Eating Animals, B


Not Rated, 94 minutes

You go to the store to pick up a few things: milk, eggs, butter and some sort of meat (chicken, beef, pork or turkey) for supper. Do you really know how that food made it to your table? And most importantly, do you know the ingredients of those items? The insightful, provocative new documentary “Eating Animals” strives to provide some answers to those questions. 

Based on the bestselling book of the same name by Jonathan Safran Foer and narrated by co-producer and Oscar-winner Natalie Portman, “Eating Animals” is an pertinent, eye-opening look at the environmental, economic, and public health consequences of factory farming. While nothing new and covering ground of other, similar food-activist documentaries (“Forks Over Knives”), it’s an insightful, compelling look at how we get our food.

The film does two things: first, it traces the history of food production in the United States, charting how production has gone from local and sustainable to a big corporate monster with the exploitation of animals; and the pollution of our air, soil, and water. Second, it spotlights various farmers and others who have pushed backed against industrial agriculture.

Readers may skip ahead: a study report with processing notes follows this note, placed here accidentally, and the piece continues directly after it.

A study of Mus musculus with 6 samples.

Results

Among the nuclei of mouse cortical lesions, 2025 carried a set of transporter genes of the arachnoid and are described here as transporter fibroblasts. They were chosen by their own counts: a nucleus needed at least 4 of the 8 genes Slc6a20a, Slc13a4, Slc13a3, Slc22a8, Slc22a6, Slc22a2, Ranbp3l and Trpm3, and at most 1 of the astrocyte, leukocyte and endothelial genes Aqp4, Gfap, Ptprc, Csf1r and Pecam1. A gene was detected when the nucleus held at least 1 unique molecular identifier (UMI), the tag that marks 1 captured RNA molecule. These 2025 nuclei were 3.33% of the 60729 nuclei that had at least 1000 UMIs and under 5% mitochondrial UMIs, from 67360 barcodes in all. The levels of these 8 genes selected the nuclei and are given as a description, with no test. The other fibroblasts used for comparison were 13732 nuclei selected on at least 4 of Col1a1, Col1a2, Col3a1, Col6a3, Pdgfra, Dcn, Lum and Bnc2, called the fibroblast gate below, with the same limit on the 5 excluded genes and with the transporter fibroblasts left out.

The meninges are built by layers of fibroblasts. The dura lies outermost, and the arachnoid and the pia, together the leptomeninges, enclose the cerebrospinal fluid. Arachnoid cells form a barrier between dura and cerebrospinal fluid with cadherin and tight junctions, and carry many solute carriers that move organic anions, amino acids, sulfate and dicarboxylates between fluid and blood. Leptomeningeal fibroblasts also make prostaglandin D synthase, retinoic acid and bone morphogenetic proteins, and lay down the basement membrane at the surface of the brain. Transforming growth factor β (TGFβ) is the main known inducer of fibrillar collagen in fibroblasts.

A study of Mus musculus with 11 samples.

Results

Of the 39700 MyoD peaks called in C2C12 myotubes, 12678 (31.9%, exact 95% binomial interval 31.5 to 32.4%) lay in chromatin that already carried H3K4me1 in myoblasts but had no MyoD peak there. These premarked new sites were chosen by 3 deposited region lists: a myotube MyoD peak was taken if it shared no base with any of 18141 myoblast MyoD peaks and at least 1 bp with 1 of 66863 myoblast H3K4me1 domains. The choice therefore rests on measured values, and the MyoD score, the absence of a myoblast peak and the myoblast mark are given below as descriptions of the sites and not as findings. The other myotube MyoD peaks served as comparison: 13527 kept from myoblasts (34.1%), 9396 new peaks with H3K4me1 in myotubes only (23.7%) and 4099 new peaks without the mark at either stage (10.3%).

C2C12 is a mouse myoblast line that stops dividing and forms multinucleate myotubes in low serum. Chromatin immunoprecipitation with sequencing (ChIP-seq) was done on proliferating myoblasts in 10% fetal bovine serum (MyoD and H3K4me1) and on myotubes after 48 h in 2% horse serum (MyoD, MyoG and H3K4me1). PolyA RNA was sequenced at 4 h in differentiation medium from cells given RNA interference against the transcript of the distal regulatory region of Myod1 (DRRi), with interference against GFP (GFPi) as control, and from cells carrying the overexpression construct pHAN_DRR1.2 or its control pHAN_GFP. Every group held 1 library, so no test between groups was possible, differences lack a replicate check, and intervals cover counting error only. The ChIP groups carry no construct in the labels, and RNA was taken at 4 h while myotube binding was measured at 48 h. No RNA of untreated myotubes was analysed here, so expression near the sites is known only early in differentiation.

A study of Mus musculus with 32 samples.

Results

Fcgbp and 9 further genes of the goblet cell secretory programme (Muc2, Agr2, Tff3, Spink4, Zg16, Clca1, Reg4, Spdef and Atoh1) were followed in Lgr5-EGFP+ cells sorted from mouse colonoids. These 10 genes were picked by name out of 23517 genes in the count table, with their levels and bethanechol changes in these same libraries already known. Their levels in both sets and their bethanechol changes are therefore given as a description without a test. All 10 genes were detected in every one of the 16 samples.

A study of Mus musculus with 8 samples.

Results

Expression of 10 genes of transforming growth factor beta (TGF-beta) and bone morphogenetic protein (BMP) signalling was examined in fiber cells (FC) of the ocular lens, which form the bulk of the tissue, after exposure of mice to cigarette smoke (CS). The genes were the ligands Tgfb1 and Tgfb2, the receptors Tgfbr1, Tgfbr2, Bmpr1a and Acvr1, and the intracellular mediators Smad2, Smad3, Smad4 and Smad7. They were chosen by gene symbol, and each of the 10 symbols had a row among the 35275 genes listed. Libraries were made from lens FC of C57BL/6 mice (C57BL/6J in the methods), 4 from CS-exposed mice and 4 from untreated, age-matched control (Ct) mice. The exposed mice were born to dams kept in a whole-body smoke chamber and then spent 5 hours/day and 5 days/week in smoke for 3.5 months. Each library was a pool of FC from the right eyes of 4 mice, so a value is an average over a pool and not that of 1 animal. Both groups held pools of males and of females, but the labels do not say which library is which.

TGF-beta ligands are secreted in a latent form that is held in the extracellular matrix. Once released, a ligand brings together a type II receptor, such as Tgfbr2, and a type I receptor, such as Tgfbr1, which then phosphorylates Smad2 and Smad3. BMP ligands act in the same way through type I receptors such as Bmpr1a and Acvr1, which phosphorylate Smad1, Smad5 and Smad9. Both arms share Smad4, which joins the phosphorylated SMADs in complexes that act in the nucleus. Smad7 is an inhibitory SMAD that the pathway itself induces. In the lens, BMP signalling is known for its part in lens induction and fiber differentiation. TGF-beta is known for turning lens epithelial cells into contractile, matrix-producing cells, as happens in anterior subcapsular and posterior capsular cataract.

Directed by Christopher Dillon Quinn (“God Grew Tired of Us”) and narrated by Portman, it occasionally becomes preachy when it says things like calling meat-eating murder or giving statistics on the use of antibiotics, but it still makes a strong case for being a vegan or vegetarianism and even if you don’t opt for those, you may eat less animal products after watching it.

On that note, the best parts are its personal stories: a responsible turkey farmer in Kansas; a couple of whistleblowers against big agriculture who have paid personal prices with their stories, and a farmer who is on a personal mission to clean up North Carolina rivers as a result of pig waste.

What’s the solution here? According to the film, it’s not just eating less meat but also finding more responsible ways to farm and do business. I wish it had more answers  (one fascinating topic it very briefly looks at is creating a meat-like substance from pure plant protein), but “Eating Animals” is a good start to prompting discussion on this issue. 

Also, be warned that it features some scenes of harsh animal treatment (of mostly chickens but pigs, cows and turkeys too), as to make a statement: factory farming is bad for animals and the environment and there are better ways to get our food.

While tree huggers and food activists will likely get the most out of “Eating Animals,” it’s still an eye-opening look at food production in the United States.